Illinois Gov. JB Pritzker voiced full-throated support late Friday to a new version of clean-energy legislation that tightens the screws on high-polluting, downstate coal power plants.
Under the proposal, carbon-emission reductions of 100 percent would be required at the Prairie State Energy Campus facility near St. Louis and a municipally-owned coal plant in Springfield by 2045, or they would face closure.
Additionally, those facilities would have to reduce their carbon footprints by 45 percent by 2035.
Pritzker’s office released details of the proposal, which had not been filed as of 9 p.m. Friday, and said the first-term Democrat up for re-election next year “strongly supports” the measure.
“We know our planet cannot afford to wait more than two decades before significant progress at reducing carbon emissions is made, and this bill is a reasonable path forward,” Pritzker spokeswoman Jordan Abudayyeh said in a statement. “The administration looks forward to continuing discussions with our partners in the House.”
The Prairie State Energy Campus facility is located southeast of St. Louis and supplies power to several Illinois communities, including Naperville, Winnetka and Batavia, among others.
Its fate is the linchpin to a sprawling energy measure that is expected to raise electricity rates by nearly $700 million to stave off the possible closure of at least two of Exelon’s nuclear power plants later this year.
Those nuclear plants represent a key piece of the Pritzker administration’s strategy to wean Illinois from carbon-emitting fossil fuels, which are the primary cause of global warming and extreme weather events sweeping the world. Exelon has warned that it will begin the process of closing its Byron facility on Sept. 13, unless the state intervenes.
After months of deadlock, the Democratic-led state Senate this week passed an energy package that Pritzker had earlier threatened to veto. It contained a provision requiring Prairie State, one of the nation’s leading air polluters, to shut down by 2045 but contained no requirements to reduce carbon emissions before then.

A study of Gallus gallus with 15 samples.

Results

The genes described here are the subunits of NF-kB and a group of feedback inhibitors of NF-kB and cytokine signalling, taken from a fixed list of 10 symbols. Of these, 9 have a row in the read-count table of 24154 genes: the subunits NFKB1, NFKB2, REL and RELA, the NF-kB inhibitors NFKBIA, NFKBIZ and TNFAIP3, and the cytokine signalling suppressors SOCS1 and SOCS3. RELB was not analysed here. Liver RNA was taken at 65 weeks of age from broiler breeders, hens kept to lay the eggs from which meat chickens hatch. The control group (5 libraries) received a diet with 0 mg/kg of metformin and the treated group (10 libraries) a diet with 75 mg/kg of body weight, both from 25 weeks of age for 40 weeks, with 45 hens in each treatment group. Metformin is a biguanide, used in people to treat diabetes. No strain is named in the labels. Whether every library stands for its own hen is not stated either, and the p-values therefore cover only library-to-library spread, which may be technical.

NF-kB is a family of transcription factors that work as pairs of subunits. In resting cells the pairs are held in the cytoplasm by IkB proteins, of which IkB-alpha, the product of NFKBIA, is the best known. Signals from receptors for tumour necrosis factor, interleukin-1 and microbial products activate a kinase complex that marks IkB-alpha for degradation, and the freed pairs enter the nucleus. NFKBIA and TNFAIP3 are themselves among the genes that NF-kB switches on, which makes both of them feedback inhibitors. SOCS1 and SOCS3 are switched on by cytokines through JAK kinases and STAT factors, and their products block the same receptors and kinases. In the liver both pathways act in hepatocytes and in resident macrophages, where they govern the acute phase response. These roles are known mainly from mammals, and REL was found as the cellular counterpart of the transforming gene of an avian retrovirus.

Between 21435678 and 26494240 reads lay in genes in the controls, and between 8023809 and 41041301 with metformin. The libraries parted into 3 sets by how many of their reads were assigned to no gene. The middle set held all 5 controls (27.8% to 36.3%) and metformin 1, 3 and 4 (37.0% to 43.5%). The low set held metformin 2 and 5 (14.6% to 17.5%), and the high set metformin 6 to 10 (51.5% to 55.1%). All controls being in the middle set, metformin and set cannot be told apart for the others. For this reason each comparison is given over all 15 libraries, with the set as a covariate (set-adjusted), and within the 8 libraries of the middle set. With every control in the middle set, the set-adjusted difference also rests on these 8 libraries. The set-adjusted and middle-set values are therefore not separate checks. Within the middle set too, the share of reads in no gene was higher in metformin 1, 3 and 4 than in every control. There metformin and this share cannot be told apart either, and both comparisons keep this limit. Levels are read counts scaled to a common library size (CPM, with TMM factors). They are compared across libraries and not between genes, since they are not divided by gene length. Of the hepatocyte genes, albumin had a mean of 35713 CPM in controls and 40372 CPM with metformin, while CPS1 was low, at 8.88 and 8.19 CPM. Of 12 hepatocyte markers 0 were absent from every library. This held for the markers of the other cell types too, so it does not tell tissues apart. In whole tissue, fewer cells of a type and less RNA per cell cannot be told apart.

Under that scenario, Pritzker complained, that plant and a municipally-owned coal plant in Springfield could continue fouling the air for nearly a quarter century, ignoring the urgency to reduce Illinois’ carbon emissions in any meaningful way.
It’s not clear whether Friday night’s House amendment will be what ultimately gets voted on in the chamber or even whether enough support exists there, particularly since passage hinges on lining up a three-fifths supermajority of votes.
Two core Democratic constituencies — organized labor and environmental groups — have been at loggerheads for months about how the energy bill should be structured, and it isn’t certain both sides are in lockstep on what emerged Friday night.
Labor was silent, but a coalition of environmental organizations expressed support.
“Today, Illinois took another step toward an equitable clean energy future for all with the introduction of SB1751, House Amendment 1, which will take action on climate, protect communities from pollution and launch a generation of new, good-paying jobs that lift up those who need it most,” the Illinois Clean Jobs Coalition said in a statement.
The House hasn’t made clear when it is returning to Springfield, which has to happen in order for there to be a vote on the package. However, a House committee hearing for next Thursday was scheduled to consider the Senate-passed version of the energy bill.
House Speaker Emanuel “Chris” Welch has put three of his top lieutenants — state Reps. Marcus Evans, D-Chicago; Robyn Gabel, D-Evanston; and Jay Hoffman, D-Swansea — as his point people in shaping the House response to the Senate’s energy vote.
Late Friday, Welch, D-Hillside, stopped short of endorsing the new House alternative, stressing his legislative chamber will soon have two fully developed energy concepts to consider.
“I am confident Leaders Evans, Gabel and Hoffman will continue to facilitate collaboration between all stakeholders and caucus members now that we have two proposals in bill language, and the House stands ready to act when consensus is reached,” Welch said in a statement.
Dave McKinney covers Illinois politics and government for WBEZ. Follow him on Twitter @davemckinney.